Few competitions are fiercer than the compact sports sedan faceoff between Germany's big three luxury manufacturers: BMW, Mercedes-Benz and Audi.
Engineers and designers at all three companies strive to dazzle prospective customers with state-of-the-art performance and safety innovations. The one-upmanship focuses on two types of technology. One is invisible and makes up for driver errors and shortcomings. The other deals with controls for navigation, climate and audio that can be learned and used with some effort, but which can befuddle the casual observer.
The 2009 Audi A4 is a case in point. It is relentlessly all-new, offering such wizardry as dynamic steering with ratios that vary continuously, depending on conditions. In concert with computer-controlled stability and traction control, it can even counter-steer in an emergency situation, unobtrusively correcting for driver mistakes.
That's only one facet of this rolling space-age capsule. It also features four separate, driver-selectable modes that alter the steering as well as engine, transmission and suspension system settings. In addition to automatic, comfort and dynamic choices, a fourth mode has customized settings.
Yet despite its continuing refinement and focus on high-tech embellishments, the A4 trails the leading BMW 3-Series and the Mercedes-Benz C-Class in sales. Even the upstart Lexus IS from Japan attracts more buyers. That could change some with the 2009 A4 model, if enough buyers in this category check it out against the competition.
The new A4 has its mechanical underpinnings stretched out, which produces a longer hood and a shorter front overhang. The result is a longer car — almost five inches more than the 2008 model — with the wheels closer to the front and rear to provide better balance and handling.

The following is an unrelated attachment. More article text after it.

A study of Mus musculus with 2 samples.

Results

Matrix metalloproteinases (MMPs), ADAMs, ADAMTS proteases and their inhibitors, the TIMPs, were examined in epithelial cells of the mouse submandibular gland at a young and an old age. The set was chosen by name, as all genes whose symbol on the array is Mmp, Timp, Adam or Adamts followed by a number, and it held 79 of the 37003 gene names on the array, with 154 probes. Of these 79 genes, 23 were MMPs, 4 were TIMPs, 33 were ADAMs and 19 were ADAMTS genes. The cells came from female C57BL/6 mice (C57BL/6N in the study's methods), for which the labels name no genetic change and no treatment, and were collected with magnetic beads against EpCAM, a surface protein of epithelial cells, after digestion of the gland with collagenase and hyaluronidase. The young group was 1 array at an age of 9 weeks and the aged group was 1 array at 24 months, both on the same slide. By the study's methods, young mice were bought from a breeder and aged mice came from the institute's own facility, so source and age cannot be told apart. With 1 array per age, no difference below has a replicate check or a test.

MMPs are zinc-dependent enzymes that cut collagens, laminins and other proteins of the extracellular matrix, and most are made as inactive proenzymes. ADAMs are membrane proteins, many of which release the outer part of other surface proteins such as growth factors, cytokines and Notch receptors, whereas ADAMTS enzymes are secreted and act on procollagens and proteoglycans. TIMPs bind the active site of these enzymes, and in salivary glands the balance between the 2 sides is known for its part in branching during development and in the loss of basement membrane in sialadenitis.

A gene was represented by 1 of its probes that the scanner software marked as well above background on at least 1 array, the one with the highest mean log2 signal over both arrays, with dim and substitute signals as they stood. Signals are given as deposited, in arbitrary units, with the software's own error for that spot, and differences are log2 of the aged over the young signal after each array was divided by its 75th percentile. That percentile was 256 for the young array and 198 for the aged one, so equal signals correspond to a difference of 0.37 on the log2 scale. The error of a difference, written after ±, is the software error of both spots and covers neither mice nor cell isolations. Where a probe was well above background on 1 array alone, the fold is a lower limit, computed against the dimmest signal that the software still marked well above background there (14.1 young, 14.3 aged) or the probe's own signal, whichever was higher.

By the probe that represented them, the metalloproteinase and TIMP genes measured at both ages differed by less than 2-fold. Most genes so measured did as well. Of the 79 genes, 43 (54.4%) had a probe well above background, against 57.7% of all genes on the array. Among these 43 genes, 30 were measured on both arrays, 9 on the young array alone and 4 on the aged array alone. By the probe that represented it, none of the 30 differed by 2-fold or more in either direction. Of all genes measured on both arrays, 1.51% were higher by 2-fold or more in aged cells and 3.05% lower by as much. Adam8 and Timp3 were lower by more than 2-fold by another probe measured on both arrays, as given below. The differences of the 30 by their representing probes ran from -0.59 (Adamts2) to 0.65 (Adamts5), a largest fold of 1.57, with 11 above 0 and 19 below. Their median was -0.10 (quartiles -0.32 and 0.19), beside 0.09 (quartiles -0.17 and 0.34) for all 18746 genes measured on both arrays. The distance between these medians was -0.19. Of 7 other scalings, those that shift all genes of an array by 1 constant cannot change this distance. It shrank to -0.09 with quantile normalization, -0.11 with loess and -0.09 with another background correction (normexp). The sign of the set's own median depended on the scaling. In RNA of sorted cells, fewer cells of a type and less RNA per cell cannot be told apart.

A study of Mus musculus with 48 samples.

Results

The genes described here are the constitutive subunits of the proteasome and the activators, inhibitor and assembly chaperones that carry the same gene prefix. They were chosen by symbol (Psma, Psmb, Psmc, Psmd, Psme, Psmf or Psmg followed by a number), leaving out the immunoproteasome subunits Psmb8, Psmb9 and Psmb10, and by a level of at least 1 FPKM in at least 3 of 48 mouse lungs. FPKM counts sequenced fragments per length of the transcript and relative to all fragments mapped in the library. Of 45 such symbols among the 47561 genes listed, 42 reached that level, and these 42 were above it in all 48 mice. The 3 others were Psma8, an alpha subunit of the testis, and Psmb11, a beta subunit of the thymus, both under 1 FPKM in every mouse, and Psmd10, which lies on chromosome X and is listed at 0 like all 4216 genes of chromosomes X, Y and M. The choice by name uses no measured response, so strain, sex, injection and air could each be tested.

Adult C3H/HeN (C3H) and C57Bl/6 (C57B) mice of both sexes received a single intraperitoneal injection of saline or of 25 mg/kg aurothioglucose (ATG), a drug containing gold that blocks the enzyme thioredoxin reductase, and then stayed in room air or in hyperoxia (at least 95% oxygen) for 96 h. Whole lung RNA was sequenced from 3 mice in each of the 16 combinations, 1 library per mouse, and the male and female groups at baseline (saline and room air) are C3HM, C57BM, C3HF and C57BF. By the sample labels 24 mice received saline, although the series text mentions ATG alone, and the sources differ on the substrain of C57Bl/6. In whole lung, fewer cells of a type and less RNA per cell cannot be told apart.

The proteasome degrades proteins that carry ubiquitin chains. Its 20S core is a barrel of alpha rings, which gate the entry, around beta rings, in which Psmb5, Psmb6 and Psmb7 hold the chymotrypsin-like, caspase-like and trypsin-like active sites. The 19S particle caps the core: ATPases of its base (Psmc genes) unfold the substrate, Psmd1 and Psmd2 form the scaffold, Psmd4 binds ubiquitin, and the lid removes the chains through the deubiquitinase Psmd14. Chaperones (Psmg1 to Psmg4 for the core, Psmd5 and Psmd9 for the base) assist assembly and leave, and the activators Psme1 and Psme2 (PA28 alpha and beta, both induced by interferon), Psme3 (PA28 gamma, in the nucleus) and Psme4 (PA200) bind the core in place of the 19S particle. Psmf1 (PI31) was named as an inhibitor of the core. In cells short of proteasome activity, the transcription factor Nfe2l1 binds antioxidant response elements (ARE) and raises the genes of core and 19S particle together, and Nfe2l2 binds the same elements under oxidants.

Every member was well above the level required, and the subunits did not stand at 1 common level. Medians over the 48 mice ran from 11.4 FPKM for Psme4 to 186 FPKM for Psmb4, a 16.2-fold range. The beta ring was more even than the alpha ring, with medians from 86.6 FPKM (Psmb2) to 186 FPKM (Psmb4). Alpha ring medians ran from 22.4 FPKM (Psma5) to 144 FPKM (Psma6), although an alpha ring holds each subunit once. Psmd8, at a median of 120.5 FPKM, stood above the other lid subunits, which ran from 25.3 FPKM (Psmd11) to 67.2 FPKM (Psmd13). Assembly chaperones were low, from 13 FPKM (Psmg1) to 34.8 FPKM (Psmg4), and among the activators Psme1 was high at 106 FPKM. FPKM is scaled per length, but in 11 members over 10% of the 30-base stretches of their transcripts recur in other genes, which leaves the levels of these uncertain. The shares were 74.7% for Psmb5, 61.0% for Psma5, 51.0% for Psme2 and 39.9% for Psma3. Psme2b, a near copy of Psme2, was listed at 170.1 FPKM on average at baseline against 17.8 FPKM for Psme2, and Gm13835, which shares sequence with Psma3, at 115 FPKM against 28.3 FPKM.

The sleek styling is in keeping with a trend among sports sedans to make them more coupe-like in appearance. But that leaves a cramped back seat with limited head and knee room. There's space back there for two modestly proportioned adults, although getting in and out takes some agility.
However, the tight dimensions do not extend to the capacious trunk, which has almost 17 cubic feet of space augmented by rear seatbacks that fold forward.
Audi has always followed its own design road. Where BMW, Mercedes-Benz and Lexus use rear-drive platforms, Audis are basically front-wheel-drive cars. But the company also is famous for its quattro all-wheel drive, which is a mechanical system with a self-locking differential for tough traction situations.
Two engines are available: a 211-horsepower, 2-liter turbocharged 4-cylinder and the tested 265-horsepower, 3.2-liter V6. According to Audi's tests, the 4-cylinder accelerates to 60 miles an hour in 7.1 seconds and delivers 21/27 miles per gallon on the EPA's city/highway cycles. The V6 gets to 60 in 6.7 seconds and is rated at 17/26 miles per gallon.
The tested V6 started at $40,825. Basic equipment on the latter included antilock brakes, electronic stability control, the aforementioned dynamic power steering, six-speed Tiptronic automatic transmission with manual control, motorized glass sunroof, leather upholstery, three-zone automatic climate control, heated front seats and outside mirrors, remote locking, Bluetooth communications, garage-door opener and Sirius satellite radio.
Similar to setups on other cars, the pushbutton keyless ignition allows the driver to keep the remote control in pocket or purse while locking and unlocking the doors by touching small buttons on the outside door handle or the handle itself. On the test car, the system operated erratically, sometimes requiring three or four pushes of the button to lock the car.
However, Audi's reputation for simplicity suffers a bit from a center stack that features more than 40 buttons, plus a few knobs. They take a bit of learning.
With all of the built-in computer-driven innovations, the A4 handles tightly, competently and effortlessly. The tradeoff, as with most sports sedans, is a ride that can get choppy on rough surfaces.